General strike keeps French Guiana shut down

The French government has said openly that it won’t make any real concessions to the demands of those on general strike in Guiana, a territory on the northern coast of South America, whose quarter-million population is legally French. Prime Minister Bernard Cazeneuve claimed that the demands of the coalition Pou LaGwiyann Dékolé (Let Guiana Take Off) guiding the struggle are “unrealistic.”

The PLGD, together with the trade union movement, wants recognition of special status for French Guiana and 2.5 billion euros in emergency aid delivered immediately, before a new French government takes over in mid-May.

It appears that the general strike, which began March 27, will continue indefinitely. While the PLGD relaxed the roadblocks on April 9, it issued an order saying that all traffic — truck, auto, bike, foot — would be restricted starting Monday morning, April 10.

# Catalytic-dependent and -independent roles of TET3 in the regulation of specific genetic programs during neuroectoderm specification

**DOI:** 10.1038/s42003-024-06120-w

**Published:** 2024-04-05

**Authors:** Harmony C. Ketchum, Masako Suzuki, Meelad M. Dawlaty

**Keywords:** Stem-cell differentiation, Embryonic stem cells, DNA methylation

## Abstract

Earlier on April 6, the PLGD held a press conference in Cayenne, the capital, where each of the coalition’s various components — health, education, transportation, civil society — expressed their particular demands and pledged to continue the strike until all were satisfied.

On April 8, French Guiana’s authorities tried to hold a meeting about resolving the strike without any PLGD representatives being present. Members of 500 Brothers, a people’s militia active in the PLGD, tried to force their way in.

A physical confrontation occurred for the first time during the current strike. The cops’ second in command wound up in the hospital. The cops fired tear gas canisters, which were thrown back at them.

After the confrontation died down, people brought out hammocks and chairs onto the lawn of the government building and stayed the night, showing everyone that the struggle was far from over.